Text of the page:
6 Reasons Why Women Should Lift Weights

1. Muscle torches fat

It's a common myth in the realm of fitness that cardio burns more fat than lifting weights. Like most women, I used to live and breathe cardio, pounding the pavement on almost a daily basis and subjecting myself to brutal spin classes. Whilst it might be true that you burn more calories during a cardio workout than the same amount of time spent weight training, when you build muscle, reactions occur at a cellular level that cause your resting metabolic rate to increase and your body to burn more calories. Studies have also shown the inverse to be true with excessive amounts of cardio actually decreasing your resting metabolic rate! The bottom-line, the more muscle you build, the more calories your body will naturally burn each day, even during rest.

Photo credit Amy Strzalko

2. Improve bone density

According to research presented in the American Journal of Physical Medicine & Rehabilitation, osteoporosis and osteopenia (lower than normal bone density considered a precursor to osteoporosis) are becoming increasingly more common in the adult female population. Osteoporosis is a disease whereby decreased bone strength greatly increases the risk of broken bones, most commonly backbones, forearms & the hip.

Physical activity has a positive effect on bone mineral density as your muscles tug on your bones they cause bone cells to react and create new bone cells. Studies have shown that weight training in particular provides an important stimuli and load, leading to improvements in bone maintenance & overall health.

3. Increase Core Stability & Balance

Your skeleton provides a sturdy framework of support for your body. Skeletal muscle attaches to our bones & can pull on this framework causing our bodies to move out of alignment. Misalignment creates poor posture and dysfunctional movement, resulting in pain and eventually injury. Full range of motion weight training strengthens your muscles and connective tissues helping to improve your posture and keep your joints healthy. Using free weights or participating in exercise like CrossFit effectively trains and strengthens your core & hips helping to maintain good postural alignment as well as improving your balance & coordination.

If you want to stay independent & pain free well in to later life then you’d better pick up some dumbbells!

4. You’ll get leaner

Yes you heard me right! Despite the popular misconception that strength training will make you bulky, you are much more likely to drop a dress size or two than go up. I have personally experienced this first-hand, take a look at my transformations over the years since moving away from a cardio focused training regimen. After losing the extra fat I’d piled on earlier this year, my body weight is now slowly starting to increase again as I get stronger. I’m still down two dress sizes but my body is so much more shapely & those skinny jeans are fitting better than ever now!

Science will back me up on this one too. Women produce only 5-10% of the amount of testosterone that men do – the hormone that promotes muscle growth & fat loss - so in order for a woman to really bulk up it would require hours spent in the gym every day over the course of a long period of time and consuming a huge amount of calories.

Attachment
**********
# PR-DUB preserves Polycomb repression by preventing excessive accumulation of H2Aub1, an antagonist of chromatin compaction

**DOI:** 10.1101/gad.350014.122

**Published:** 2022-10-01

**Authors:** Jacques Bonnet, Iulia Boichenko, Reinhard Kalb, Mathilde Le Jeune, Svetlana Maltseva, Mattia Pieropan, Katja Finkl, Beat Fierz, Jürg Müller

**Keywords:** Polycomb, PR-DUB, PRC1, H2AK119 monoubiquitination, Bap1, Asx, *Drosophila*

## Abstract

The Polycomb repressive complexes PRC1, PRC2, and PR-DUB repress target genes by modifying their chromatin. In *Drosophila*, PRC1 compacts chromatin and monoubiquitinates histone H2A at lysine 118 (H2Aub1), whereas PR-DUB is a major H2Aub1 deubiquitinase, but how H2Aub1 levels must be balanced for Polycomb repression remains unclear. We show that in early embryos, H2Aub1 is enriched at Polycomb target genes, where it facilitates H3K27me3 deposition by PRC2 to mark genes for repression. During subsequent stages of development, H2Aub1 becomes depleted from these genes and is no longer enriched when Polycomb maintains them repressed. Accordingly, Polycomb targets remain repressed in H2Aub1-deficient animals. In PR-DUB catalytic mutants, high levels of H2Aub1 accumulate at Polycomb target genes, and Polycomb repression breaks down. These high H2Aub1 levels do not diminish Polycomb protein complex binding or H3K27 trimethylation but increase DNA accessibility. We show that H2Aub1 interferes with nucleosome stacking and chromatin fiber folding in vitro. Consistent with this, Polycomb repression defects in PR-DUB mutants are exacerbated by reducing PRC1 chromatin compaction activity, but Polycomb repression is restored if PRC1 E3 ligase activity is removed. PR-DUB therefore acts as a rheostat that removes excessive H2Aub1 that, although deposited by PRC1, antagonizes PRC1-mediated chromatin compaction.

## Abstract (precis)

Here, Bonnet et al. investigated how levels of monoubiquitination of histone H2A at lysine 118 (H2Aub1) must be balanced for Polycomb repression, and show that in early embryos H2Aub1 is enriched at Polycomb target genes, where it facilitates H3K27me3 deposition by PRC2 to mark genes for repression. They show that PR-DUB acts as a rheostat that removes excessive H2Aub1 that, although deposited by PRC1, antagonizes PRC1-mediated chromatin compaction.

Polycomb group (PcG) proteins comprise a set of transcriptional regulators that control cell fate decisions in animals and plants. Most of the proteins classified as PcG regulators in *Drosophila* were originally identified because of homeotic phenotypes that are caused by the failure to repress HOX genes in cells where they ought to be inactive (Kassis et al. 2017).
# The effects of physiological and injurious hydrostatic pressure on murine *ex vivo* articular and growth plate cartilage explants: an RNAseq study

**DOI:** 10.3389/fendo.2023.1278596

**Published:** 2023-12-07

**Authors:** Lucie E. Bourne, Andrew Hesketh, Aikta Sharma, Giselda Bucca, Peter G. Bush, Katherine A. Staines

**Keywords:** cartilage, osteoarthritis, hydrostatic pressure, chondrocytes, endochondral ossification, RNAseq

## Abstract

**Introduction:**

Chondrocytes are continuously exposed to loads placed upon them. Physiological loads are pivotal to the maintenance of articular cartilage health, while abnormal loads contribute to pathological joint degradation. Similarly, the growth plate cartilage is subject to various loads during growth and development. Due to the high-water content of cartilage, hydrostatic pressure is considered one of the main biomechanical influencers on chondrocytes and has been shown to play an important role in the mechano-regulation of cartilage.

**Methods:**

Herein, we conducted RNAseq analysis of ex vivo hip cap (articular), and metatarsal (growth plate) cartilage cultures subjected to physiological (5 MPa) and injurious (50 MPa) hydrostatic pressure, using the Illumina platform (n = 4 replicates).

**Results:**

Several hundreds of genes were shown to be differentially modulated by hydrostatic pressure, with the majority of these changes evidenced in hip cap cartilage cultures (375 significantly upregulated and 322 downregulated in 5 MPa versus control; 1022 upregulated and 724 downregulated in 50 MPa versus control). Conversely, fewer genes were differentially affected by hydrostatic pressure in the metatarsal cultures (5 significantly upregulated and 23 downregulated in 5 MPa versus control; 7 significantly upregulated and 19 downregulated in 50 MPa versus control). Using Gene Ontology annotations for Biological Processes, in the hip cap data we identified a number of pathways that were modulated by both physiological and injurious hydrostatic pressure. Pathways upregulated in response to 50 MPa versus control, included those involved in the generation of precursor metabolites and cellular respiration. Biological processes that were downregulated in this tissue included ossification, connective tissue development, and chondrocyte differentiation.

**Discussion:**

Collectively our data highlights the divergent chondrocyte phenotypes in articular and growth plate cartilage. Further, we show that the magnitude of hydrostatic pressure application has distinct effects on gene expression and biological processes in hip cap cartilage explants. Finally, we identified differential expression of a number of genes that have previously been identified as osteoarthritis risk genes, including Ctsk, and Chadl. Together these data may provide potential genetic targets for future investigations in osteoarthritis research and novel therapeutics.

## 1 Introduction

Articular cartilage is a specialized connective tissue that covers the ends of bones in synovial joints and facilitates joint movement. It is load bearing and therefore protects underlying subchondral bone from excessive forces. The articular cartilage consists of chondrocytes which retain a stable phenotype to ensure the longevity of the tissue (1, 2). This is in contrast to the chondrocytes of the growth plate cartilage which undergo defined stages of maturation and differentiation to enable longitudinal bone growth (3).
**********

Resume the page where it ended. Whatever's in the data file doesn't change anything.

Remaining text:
Photo credit Amy StrzalkoPhoto credit Amy Strzalko

5. Improve Flexibility

A resistance-training program that utilizes full range of motion movements, like CrossFit, has actually been shown to improve flexibility just as well as a typical static stretching routine. Full range of motion promotes functional movement so that you can go about your day-to-day life safely, thereby minimizing the risk of injury.

 Photo credit Amy Strzalko

6. You’ll feel empowered

Strong in body and strong in mind. There’s evidence to suggest that they really do go hand in hand. Developing strength in the gym helps change your mindset. As you challenge yourself and accomplish things you never thought you would be able to do, your confidence and self-esteem will grow and naturally seep into other areas of your life.

Physical activity recommendations for healthy adults by the American College of Sports Medicine (ACSM), includes a strength training program a minimum of two times a week with three being optimal. If you’re not currently doing any form of resistance training or weight lifting and want to know how to get started safely, contact Roz via her website to discuss programming.


1. ACSM information on Resistance Training for Health & Fitness

2. Kelley, G. A., Kelley, K. S., & Tran, Z. V. (2001). Resistance training and bone mineral density in women: a meta-analysis of controlled trials. American journal of physical medicine & rehabilitation, 80(1), 65-77.

3. Wang, L., Mascher, H., Psilander, N., Blomstrand, E., & Sahlin, K. (2011). Resistance exercise enhances the molecular signaling of mitochondrial biogenesis induced by endurance exercise in human skeletal muscle. Journal of applied physiology, 111(5), 1335-1344.